NEW YORK (GenomeWeb News) – Qiagen's acquisition last week of additional PCR licenses from Roche and Idaho Technology will bolster the company's PCR business on several fronts, including hardware, consumables, and in vitro diagnostics, according to a company official.

In addition, the company has further expanded its PCR offerings through its acquisition this week of DxS. The Manchester-UK-based firm sells several RT-PCR assays as well as the Scorpions PCR technology, which DxS claims is particularly well suited for molecular diagnostics.

Last week, Qiagen announced that it had expanded its existing license agreements with Roche and IDT to cover a broad swath of the PCR market. The new agreements not only allow the firm to sell its Rotor-Gene Q thermal cycler and reagents for both research and diagnostic applications, but also extend to high-resolution melting curve analysis, or HRM technology — a key component in the company's strategy for increasing its foothold in the PCR market.

Qiagen already held a number of key licenses related to PCR instrumentation and reagents, Achim Ribbe, executive director of business development for Qiagen, told GenomeWeb Daily News. "What was missing was basically the rights to make use of this IP in order to manufacture, sell, and market consumable products such as HRM PCR kits to be used in conjunction with the Rotor-Gene Q instrumentation platform for all markets and applications, including the IVD market."

Ribbe said that while the company will continue to develop HRM reagents and other qPCR reagents for all third-party thermal cyclers, it believes that the Rotor-Gene Q, which it gained through its acquisition of Corbett Life Science last year, is particularly well suited for the approach.

HRM is a post-PCR analysis step that characterizes PCR products based on their melting behavior. It can differentiate products based on sequence, length, GC content, or strand complementarity, and is able to capture differences at single-base resolution. The approach is particularly useful for genotyping, mutation scanning, and methylation analysis.

Ribbe noted that in order to perform HRM effectively, "you need an instrument that is capable of controlling and monitoring temperature and fluorescence very precisely, as well as powerful software to analyze the data." He added that the company expects HRM users to "particularly benefit from the highest well-to-well temperature uniformity available on the Rotor-Gene Q."

Qiagen believes that the Rotor-Gene is the ideal platform for HRM because its rotary design spins each tube in a chamber of moving air to provide greater temperature control than so-called "block" cyclers. Well-to-well variation in the Rotor-Gene is generally less than 0.01 degree Celsius, which is 20 times less than block cyclers, according to company literature.

As a result, Ribbe said, the new IP agreements were "a perfect match for us — having those extended by high-resolution consumable rights and certain associated Rotor-Gene Q instrumentation IVD rights, while having the perfect platform to leverage these additional rights."

Ribbe said that HRM is primarily of interest in the research market now, "but it's emerging now more into the diagnostic market."

He noted that the company is currently in the process of getting the Rotor-Gene CE-marked, "and later on certainly at some point we would like to move HRM into the IVD market."

Ribbe said that a "wide range" of the company's Artus assays already have CE-IVD approval on the Rotor-Gene Q, and Qiagen expects the cycler itself to be CE-IVD marked "very shortly."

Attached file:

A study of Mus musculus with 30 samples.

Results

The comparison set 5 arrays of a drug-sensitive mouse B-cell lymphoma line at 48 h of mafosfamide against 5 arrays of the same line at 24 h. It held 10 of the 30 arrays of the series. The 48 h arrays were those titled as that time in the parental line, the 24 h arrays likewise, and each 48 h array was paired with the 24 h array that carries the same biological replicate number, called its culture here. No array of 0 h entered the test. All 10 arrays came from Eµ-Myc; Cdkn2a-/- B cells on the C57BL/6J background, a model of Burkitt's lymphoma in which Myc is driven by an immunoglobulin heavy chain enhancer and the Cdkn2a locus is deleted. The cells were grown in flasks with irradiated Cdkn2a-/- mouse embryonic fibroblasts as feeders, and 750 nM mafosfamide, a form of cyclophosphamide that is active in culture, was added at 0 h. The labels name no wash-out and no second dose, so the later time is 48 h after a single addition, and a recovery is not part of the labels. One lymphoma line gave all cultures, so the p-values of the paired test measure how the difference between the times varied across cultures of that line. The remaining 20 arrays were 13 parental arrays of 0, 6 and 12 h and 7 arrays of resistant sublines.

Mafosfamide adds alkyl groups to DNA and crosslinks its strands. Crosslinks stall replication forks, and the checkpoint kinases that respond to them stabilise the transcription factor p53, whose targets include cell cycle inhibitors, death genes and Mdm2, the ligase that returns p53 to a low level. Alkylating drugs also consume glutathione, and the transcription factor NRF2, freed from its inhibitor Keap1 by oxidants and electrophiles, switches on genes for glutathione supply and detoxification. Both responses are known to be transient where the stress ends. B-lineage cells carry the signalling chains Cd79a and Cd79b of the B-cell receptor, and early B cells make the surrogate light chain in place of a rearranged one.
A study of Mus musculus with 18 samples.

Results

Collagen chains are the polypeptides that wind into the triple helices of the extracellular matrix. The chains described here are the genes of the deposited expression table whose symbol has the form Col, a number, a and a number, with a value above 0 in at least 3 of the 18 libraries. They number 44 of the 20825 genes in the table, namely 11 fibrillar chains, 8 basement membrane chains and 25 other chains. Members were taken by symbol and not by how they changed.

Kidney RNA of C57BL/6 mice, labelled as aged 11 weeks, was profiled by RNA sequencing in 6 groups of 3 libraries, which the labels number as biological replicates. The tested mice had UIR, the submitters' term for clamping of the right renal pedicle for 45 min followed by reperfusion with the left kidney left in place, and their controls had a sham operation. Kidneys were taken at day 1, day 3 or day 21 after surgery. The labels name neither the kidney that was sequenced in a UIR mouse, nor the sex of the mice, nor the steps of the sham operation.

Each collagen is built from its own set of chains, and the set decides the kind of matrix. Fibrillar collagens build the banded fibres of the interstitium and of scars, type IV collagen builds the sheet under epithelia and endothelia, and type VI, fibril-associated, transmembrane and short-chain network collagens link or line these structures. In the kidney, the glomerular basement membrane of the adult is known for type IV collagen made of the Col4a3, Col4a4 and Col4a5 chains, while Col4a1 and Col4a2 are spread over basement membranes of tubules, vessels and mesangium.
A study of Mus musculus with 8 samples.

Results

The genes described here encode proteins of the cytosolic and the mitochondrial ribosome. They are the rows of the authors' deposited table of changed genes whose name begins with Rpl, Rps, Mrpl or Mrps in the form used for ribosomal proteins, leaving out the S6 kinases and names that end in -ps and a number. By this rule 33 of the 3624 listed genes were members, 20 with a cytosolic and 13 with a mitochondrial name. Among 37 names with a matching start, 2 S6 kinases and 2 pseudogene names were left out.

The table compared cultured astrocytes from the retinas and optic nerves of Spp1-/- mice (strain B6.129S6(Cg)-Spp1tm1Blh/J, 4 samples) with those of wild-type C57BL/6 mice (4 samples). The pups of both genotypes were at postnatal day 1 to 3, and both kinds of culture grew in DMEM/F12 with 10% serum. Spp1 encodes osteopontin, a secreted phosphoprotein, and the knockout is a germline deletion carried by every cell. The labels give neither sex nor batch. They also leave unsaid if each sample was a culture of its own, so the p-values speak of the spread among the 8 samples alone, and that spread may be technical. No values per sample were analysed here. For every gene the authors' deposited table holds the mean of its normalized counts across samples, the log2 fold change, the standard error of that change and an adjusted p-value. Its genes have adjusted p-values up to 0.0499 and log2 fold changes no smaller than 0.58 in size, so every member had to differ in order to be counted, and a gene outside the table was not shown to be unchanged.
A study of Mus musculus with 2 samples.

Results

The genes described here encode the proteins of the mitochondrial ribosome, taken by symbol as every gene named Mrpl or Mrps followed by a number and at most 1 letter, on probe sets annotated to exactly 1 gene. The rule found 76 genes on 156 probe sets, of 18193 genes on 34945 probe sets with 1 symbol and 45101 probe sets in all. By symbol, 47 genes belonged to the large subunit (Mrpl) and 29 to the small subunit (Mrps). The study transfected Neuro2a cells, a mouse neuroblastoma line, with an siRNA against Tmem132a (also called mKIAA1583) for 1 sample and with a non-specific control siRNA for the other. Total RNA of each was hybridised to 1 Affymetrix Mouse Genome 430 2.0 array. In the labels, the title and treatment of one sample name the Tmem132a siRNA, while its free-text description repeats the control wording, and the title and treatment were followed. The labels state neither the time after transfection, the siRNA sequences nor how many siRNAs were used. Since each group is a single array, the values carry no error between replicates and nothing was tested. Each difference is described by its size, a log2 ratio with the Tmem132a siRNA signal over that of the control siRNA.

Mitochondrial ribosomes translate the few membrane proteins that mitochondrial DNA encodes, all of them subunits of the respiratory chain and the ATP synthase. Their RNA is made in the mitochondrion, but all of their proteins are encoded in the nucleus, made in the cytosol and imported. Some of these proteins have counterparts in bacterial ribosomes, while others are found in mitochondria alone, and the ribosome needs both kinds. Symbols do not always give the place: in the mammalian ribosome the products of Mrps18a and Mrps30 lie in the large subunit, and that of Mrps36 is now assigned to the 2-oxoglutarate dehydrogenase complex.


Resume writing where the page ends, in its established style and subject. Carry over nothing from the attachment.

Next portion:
In 2010, the company intends to submit several assays to the US Food and Drug Administration for approval on the instrument, he added, but did not elaborate.

In addition, Ribbe said, DxS offers a range of RT-PCR assays that are "strongly suitable" for use with Qiagen's instruments, including the Rotor-Gene Q.

The Scorpions technology from DxS also is expected to benefit Qiagen's molecular diagnostics effort. The technology offers very high sensitivity and specificity, Ribbe said, enabling the detection of very few target molecules and single-nucleotide changes. "An additional benefit of the technology is the speed of reaction, which is widely recognized as the fastest in its class, with detection reaction times of less than ten minutes," he said.

Qiagen has already launched two HRM kits that are optimized for the Rotor-Gene Q but can also be used with third-party cyclers: Type-It HRM for genotyping applications; and EpiTect HRM for methylation analysis. The new agreements with Roche and IDT will allow the company to expand this reagent portfolio as well as its HRM software suite.

Ribbe said that Qiagen views its assay development expertise — particularly its ability to adopt reagents to instrumentation platforms — as a competitive advantage in the PCR marketplace. In addition, the firm has identified the HRM segment as one of the key growth areas for its PCR business. He cited an internal survey of the qPCR market that found that more than 60 percent of respondents were "interested" in HRM applications.

"It's an emerging technology that is an extremely attractive method for genotyping and it's picking up nicely," he said. "We think that having a superior complete solution for leveraging high-resolution melting is a nice growth opportunity for us."

He added that with the new licensing agreements, Qiagen has essentially filled in all the remaining gaps in its PCR IP portfolio. "We have a unique position," he said. "Including our own PCR-related IP portfolio, I'd have a hard time thinking of any other companies out there that have as much hardware, software, and consumable-related PCR rights as we do."